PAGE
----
The classical roots of Harry Potter’s magical spells
It is no secret that the Harry Potter series is heavily influenced by the classics. JK Rowling studied Latin as a subsidiary subject at the University of Exeter, and often draws upon classical myth, rhetoric, and nomenclature in her writing. In particular, Rowling usually draws her magical words from classical Latin, and many of the translations shed light on the effects (both magical and literary) of these incantations. To celebrate Rowling’s imminent birthday, let’s investigate the Latin behind these spells, charms, and curses.
This summoning spell literally means ‘I summon’ or ‘I fetch’
This spell, used to confuse an opponent, literally means ‘I stir up’, ‘I confuse’, or ‘I bring an end to by upsetting’. The range of translations reflects the scope of the spell, which can be used either to effect mild or fatal confusion
This translates as, ‘I torture’. This spell is used to cast the Cruciatus curse, a torturing spell that is one of the three unforgivable curses in Harry Potter.
This is a basic levitation charm. The first word is a blend of the English ‘wing’ with a creative adaptation of the Latin comparative of arduus, meaning ‘steep.’ The second word also requires a stretch of linguistic imagination, being an adaptation of the Latin levo, meaning ‘I lift’. There has been some disagreement as to the pronunciation of the spell.
A severing charm, which translates to the English ‘I split’.
One of the most important spells in the series, it is used to summon a corporeal animal (called a patronus) as a sort of spirit-guardian against soul-sucking Dementors. Literally, it means ‘I wait for a patron’ or ‘I hope for a patron’. Patron is the closest single-word English translation of the Latin patronus, which more generally means ‘an influential person who has undertaken the protection of another’. This spell is particularly resonant with Harry, who, having lost his father when he was a baby, spends much of the series seeking a patronus.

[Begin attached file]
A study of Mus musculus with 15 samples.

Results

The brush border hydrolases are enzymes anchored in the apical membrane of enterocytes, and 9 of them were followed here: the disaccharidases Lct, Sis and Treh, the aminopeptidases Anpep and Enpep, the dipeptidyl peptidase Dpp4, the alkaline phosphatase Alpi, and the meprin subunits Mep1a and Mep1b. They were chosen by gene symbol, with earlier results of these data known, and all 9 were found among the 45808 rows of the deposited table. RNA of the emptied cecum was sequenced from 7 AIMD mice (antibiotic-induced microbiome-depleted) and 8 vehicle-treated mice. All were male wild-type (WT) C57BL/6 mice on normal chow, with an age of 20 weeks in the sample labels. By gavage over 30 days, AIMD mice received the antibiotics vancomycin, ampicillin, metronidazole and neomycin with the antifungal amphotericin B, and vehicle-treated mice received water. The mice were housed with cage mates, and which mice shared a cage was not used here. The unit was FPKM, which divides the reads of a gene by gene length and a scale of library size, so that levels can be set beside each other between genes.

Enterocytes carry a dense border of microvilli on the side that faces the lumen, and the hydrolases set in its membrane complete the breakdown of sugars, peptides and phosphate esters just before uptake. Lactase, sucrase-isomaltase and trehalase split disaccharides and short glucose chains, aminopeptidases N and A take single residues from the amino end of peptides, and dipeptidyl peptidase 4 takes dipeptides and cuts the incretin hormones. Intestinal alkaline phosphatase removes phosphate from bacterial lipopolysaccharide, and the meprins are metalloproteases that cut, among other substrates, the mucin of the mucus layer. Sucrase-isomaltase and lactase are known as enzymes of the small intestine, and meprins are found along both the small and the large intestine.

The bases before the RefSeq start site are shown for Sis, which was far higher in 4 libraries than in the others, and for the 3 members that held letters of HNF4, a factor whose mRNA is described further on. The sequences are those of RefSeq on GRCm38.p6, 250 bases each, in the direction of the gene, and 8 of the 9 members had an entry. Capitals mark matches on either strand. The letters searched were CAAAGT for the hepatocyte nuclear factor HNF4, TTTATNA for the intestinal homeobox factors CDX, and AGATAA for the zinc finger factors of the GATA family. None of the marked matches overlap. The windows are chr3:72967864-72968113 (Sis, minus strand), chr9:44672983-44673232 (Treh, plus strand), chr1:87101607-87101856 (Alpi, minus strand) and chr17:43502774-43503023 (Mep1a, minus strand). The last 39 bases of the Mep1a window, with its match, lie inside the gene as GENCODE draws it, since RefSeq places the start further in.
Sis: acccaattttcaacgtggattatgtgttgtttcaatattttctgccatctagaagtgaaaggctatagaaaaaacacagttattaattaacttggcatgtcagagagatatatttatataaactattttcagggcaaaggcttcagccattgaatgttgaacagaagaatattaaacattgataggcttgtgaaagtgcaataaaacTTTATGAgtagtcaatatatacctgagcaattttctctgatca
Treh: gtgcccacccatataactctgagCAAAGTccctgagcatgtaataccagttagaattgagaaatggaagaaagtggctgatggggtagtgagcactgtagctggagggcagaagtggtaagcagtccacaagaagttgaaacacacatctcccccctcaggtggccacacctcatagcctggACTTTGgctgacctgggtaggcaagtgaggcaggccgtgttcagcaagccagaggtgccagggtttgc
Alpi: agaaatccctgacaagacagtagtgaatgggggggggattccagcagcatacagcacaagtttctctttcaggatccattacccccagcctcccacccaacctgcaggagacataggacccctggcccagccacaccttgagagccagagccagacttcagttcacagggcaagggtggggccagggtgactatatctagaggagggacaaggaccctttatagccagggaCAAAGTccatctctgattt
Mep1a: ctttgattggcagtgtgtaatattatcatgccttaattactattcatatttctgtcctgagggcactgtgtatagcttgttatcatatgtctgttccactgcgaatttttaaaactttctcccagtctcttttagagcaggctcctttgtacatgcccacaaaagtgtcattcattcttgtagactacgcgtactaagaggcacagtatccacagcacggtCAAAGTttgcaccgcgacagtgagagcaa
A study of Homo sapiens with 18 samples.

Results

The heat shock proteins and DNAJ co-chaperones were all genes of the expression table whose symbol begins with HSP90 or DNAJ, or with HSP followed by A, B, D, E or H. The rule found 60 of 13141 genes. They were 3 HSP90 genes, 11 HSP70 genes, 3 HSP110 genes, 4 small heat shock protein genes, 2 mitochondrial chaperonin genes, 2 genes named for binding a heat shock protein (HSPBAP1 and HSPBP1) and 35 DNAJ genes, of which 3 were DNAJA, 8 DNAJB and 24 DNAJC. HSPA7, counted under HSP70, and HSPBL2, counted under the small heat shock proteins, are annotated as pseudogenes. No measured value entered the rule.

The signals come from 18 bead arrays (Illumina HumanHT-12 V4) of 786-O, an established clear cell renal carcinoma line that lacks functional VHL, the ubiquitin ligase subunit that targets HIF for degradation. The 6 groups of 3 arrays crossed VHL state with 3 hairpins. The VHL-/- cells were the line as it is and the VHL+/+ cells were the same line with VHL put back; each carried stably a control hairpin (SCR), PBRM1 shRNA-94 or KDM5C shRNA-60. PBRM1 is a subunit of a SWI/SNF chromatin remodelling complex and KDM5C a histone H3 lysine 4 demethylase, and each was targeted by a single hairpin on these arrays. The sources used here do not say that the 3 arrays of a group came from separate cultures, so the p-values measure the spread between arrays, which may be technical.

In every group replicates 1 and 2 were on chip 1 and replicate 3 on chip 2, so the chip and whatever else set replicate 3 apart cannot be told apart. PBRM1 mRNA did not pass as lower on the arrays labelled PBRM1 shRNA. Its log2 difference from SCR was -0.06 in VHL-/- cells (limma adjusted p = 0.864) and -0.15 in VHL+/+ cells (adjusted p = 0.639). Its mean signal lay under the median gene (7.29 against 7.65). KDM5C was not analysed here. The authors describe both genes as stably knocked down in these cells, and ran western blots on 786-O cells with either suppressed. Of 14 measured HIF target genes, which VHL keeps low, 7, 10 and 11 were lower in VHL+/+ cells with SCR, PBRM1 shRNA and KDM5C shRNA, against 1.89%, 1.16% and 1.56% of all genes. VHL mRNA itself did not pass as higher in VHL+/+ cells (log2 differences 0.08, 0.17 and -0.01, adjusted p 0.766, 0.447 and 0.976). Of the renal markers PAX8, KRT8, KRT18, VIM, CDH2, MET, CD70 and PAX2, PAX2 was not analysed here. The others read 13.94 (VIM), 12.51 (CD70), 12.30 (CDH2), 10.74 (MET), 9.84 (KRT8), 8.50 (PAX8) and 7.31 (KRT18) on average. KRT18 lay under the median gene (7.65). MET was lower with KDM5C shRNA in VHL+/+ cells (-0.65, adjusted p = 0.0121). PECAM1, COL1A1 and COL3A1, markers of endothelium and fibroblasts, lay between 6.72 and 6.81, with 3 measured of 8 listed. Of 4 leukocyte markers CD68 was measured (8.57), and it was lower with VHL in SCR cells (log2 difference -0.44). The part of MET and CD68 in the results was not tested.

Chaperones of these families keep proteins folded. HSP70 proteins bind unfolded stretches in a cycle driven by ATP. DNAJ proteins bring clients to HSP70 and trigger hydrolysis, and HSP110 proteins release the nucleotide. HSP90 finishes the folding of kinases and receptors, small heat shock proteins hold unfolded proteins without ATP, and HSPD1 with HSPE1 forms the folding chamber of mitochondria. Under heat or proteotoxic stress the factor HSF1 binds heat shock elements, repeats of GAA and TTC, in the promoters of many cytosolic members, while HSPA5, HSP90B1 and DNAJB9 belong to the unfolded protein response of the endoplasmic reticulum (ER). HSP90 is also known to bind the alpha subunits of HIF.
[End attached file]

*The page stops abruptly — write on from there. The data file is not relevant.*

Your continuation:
A disarming charm. The word is a combination of the Latin expellere, meaning ‘to drive or force out’, and arma, meaning weapon.
The main counter-spell, used to negate other spells. Finite is the Latin imperative plural (used when giving a command to a group of people) of the word ‘to end,’ and incantatum is the passive participle of the Latin incanto, meaning ‘having been bewitched’.
There is no Latin verb imperio, although the root imper-, can be seen in Latin words such as imperator (ruler), imperatum (command or instruction), and impero (`I demand’). This word casts the Imperius curse, another of the three unforgivable curses, which when used effectively allows the caster to control the target. “Total control…” explains Professor Moody to his Defence Against the Dark Arts demonstration, after he’s cast an imperius curse on a spider, “I could make it jump out the window, drown itself, throw itself down one of your throats…”
A mock-Greek adaptation of the Latin lumen, meaning ‘light’. Used as a wand-lighting charm.
A full body-binding curse. This is another of Rowling’s blends. Although petrificus is not a Latin word, the Greek borrowing petra means rock. The suffix –ficus, which ascribes a sense of making or becoming to its headword, is very common in Latin. In Modern English, this sense of the affix –fic is still present in words like terrific, certificate, or mummification. Totalus is an alteration of Latin totalis ‘total’. Often used to comic effect.
Another blend. Sectum, the perfect passive participle of the verb seco, literally means ‘having been severed’. Sempra is an alteration of the Latin semper, which means ‘always’ or ‘continuously’. This curse, invented by Severus Snape in his youth, allows the wand to be used as a sort of long distance sword, following the movements of its holder to slash its target.